Business is brisk at one of London’s top electric-vehicle charging hubs, owned by BP Plc, in the western suburb of Hammersmith. Spend time here watching how Tesla Inc.’s and competitors’ EVs come and go and you might leave convinced that gasoline’s days are numbered in Europe.
Turn to the right, however, and that impression would vanish like disappearing ink: A conventional fuel station is doing even brisker business selling fossil fuels for conventional cars.
Perhaps gasoline doesn’t have a future — but its present is rather healthy. Blame the lopsided world of cars and oil in Europe, where old and new trends collide in tense and counterintuitive ways.
Consider fuel consumption. In the UK, gasoline demand was the strongest for the January-to-June period this year since 2015, according to Bloomberg calculations based on government data. In France, demand hit a 20-year high during the summer. In Spain, it has risen to the highest in more than a decade. And in eastern European nations like Poland, it is the strongest ever.
How is this trend possible in Europe when EV sales are also surging? And does it reflect a swan song or a shift toward stronger-for-longer fuel consumption?
To answer these questions, one must investigate the bowels of the region’s car and oil markets, which have changed beyond recognition since 2015, and how consumers drive those automobiles.
For a time, European gasoline demand was dropping year after year, with oil executives assuming that consumption would fall somewhere between 1% and 2% per annum, driven by two factors: more efficient engines and the rise of diesel-powered vehicles, particularly in Germany and France. That trend changed around 10 years ago. First, gasoline use stabilised, and then it started to climb. Based on preliminary data, it looks like European Union gasoline consumption hovered this summer at a 10-year high.
The shift, from falling to plateauing to rising, has much to do with one of the biggest business scandals in recent memory.
In 2015, Volkswagen AG, the German automaker synonymous with diesel cars, admitted it engines polluted more than the company had ever made public. The scandal, dubbed “Dieselgate,” soured European appetites for the cheaper but more polluting fuel. Gasoline became the choice for many in the continent, boosting demand.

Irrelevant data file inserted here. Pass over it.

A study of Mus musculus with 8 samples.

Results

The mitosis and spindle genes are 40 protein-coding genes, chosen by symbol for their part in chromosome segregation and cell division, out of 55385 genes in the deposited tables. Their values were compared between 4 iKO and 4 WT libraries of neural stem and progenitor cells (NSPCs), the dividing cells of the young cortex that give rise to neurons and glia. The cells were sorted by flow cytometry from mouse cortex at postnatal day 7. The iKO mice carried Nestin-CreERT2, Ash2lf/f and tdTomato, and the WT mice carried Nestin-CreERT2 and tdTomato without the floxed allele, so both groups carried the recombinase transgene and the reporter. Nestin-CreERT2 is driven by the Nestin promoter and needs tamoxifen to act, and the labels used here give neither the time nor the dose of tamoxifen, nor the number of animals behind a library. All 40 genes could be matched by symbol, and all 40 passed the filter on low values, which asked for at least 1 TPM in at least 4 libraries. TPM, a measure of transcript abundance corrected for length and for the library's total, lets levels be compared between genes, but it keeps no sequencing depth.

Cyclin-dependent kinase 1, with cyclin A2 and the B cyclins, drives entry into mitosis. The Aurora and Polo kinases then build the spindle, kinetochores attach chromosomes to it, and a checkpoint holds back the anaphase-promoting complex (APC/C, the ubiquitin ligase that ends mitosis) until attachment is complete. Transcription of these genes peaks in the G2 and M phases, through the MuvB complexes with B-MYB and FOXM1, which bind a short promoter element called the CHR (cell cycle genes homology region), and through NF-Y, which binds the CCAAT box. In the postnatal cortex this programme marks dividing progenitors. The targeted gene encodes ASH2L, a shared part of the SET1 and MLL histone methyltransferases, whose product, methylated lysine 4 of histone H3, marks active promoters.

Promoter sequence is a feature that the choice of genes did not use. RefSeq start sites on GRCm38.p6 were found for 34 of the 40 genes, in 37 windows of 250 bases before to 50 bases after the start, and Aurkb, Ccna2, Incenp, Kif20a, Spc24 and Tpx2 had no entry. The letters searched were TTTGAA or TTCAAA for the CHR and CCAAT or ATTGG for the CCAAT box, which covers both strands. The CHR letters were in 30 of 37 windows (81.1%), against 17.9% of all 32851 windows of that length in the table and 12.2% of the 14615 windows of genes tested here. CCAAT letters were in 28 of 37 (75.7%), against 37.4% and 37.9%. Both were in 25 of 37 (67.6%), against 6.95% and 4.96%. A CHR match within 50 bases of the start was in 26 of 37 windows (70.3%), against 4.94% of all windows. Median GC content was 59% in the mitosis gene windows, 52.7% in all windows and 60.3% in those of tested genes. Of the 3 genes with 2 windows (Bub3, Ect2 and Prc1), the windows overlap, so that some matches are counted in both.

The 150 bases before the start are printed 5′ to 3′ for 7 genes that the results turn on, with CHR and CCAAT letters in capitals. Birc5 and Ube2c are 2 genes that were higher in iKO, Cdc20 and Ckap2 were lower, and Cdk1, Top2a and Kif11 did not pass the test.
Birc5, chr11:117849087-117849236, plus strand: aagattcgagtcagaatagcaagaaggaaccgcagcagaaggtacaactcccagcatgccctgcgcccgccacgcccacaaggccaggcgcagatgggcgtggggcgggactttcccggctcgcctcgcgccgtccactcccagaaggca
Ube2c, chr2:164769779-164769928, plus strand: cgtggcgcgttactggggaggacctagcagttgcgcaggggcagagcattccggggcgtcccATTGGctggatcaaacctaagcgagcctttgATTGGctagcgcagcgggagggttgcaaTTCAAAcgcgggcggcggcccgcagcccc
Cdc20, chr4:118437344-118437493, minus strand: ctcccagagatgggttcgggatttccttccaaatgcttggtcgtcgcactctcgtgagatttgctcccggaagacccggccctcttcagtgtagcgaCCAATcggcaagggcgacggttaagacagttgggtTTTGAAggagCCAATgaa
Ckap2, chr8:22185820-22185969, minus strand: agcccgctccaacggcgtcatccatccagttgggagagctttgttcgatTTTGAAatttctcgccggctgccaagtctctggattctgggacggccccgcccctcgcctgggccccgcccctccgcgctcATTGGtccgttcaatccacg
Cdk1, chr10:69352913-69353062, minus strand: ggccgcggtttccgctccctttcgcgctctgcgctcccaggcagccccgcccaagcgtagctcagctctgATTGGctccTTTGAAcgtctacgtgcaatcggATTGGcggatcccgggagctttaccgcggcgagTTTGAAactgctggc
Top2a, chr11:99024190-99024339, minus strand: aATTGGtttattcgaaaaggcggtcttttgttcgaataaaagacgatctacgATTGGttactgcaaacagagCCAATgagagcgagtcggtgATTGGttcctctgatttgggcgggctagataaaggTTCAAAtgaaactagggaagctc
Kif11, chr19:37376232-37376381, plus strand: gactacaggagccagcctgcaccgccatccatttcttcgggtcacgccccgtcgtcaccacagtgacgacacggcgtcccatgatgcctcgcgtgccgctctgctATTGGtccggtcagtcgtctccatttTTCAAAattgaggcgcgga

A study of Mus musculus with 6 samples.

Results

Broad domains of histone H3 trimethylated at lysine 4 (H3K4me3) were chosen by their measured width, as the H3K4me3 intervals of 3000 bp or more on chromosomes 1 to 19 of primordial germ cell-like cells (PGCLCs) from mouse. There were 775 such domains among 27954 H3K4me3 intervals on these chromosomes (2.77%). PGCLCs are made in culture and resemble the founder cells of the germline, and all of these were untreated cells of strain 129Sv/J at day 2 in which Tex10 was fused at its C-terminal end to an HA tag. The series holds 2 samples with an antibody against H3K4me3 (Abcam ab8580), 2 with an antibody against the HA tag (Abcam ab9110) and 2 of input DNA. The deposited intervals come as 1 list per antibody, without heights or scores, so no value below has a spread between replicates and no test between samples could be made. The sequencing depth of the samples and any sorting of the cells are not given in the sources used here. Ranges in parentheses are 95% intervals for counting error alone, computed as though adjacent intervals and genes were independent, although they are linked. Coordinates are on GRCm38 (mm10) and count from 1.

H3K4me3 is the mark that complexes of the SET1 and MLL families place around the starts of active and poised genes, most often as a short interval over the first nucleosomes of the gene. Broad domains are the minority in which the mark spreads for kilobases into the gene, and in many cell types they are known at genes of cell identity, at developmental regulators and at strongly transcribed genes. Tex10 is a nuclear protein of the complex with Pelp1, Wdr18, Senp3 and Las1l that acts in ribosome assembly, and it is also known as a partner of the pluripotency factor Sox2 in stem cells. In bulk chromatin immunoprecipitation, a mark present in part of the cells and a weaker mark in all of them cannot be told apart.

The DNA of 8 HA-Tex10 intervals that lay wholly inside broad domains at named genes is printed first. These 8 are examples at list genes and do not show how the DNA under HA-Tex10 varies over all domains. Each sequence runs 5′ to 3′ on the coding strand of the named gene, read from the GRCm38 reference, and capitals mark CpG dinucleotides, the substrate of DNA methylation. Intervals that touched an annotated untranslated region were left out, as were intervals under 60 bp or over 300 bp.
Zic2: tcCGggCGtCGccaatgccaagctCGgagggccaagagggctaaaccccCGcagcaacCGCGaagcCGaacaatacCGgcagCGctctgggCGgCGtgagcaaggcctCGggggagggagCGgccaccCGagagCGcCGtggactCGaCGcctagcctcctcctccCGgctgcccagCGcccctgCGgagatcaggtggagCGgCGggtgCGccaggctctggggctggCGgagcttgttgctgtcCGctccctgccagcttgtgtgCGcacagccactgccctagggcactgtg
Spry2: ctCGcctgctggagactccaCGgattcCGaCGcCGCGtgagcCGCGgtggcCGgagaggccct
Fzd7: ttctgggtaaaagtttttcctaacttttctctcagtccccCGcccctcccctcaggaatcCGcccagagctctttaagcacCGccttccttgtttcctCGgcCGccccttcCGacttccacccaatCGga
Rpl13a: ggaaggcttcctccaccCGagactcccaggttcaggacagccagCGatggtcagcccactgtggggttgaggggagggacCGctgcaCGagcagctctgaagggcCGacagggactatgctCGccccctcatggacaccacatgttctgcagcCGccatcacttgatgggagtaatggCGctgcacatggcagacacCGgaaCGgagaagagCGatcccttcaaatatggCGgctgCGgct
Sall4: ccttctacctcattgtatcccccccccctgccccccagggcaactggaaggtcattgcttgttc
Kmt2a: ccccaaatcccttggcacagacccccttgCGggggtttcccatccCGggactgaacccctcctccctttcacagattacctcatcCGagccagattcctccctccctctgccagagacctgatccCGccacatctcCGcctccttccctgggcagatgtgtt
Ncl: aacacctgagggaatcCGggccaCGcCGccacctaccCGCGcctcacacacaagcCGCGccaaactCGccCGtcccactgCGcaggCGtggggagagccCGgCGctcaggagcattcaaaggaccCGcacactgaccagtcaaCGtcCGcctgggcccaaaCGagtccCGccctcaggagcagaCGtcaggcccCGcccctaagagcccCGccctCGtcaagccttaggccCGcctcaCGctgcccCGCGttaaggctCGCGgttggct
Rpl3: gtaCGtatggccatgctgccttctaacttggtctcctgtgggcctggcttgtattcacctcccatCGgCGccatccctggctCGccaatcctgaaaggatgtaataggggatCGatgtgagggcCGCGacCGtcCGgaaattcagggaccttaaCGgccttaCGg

At the same time, Europeans were keeping their cars far longer than in the past, damping the impact of newer, more fuel-efficient models on overall consumption. Cost is one reason: New cars are pricey, and families are more budget conscious. Another was supply, with fewer new models due to chip shortages. Then add the fact that automobiles today are better built and thus age more gracefully than they did one or two decades ago. Finally, consumers fear choosing the wrong kind of vehicle as battery technology quickly advances, opting to delay their purchases as long as they can. The result of all those trends together is an older fleet: In 2006, the average European car was 8.4 years old; today, it is more than 12.
There are more automobiles on European roads, too. Over the past decade, the number has surged by nearly 40 million, reaching almost 250 million in 2022. Even if electric vehicles are taking a progressively larger share of new registrations, the overall increase means the absolute number of gasoline-powered cars is holding.
Then there is the question of how Europeans drive – and fuel – their cars. The post-Covid-19 era shows contrarian trends. Working from home has reduced commuting into downtown from the suburbs. In the US, that trend has curbed miles driven; in Europe, however, where public transport networks are stronger, it has not eroded fuel demand as much. On the other hand, remote work has made it possible to live in the countryside, making cars a daily need rather than a weekend necessity.
Now add the post-pandemic desire for holidaying and travelling. In polls, most Europeans say climate change is one of their biggest worries. That concern was mostly absent on the continent’s roads this summer, with highways to beaches packed.
Ironically, the shift toward greener cars may be escalating gasoline demand as well. Not every electric car is the same. Some are powered only by their battery; others are plug-in hybrids, sporting an internal combustion engine to supplement their batteries. The problem is that it is clear some consumers are not plugging in those cars, instead largely running them on gasoline.
Ultimately, gasoline demand will decrease as people replace their fossil-fuel cars for battery-powered ones. When – and if – the cost of electric vehicles falls, the shift could be quick. But the current surge in consumption indicates that, for now, the stylised graphics governments often parade of declining oil use are misleading.
The energy transition will have fits and starts, perplexing, illogical and contradictory trends, as well as parting shots. The future is electric, but in the world of today, gasoline is king. Even in green-conscious Europe.
Disclaimer: This article first appeared on Bloomberg, and is published by special syndication arrangement.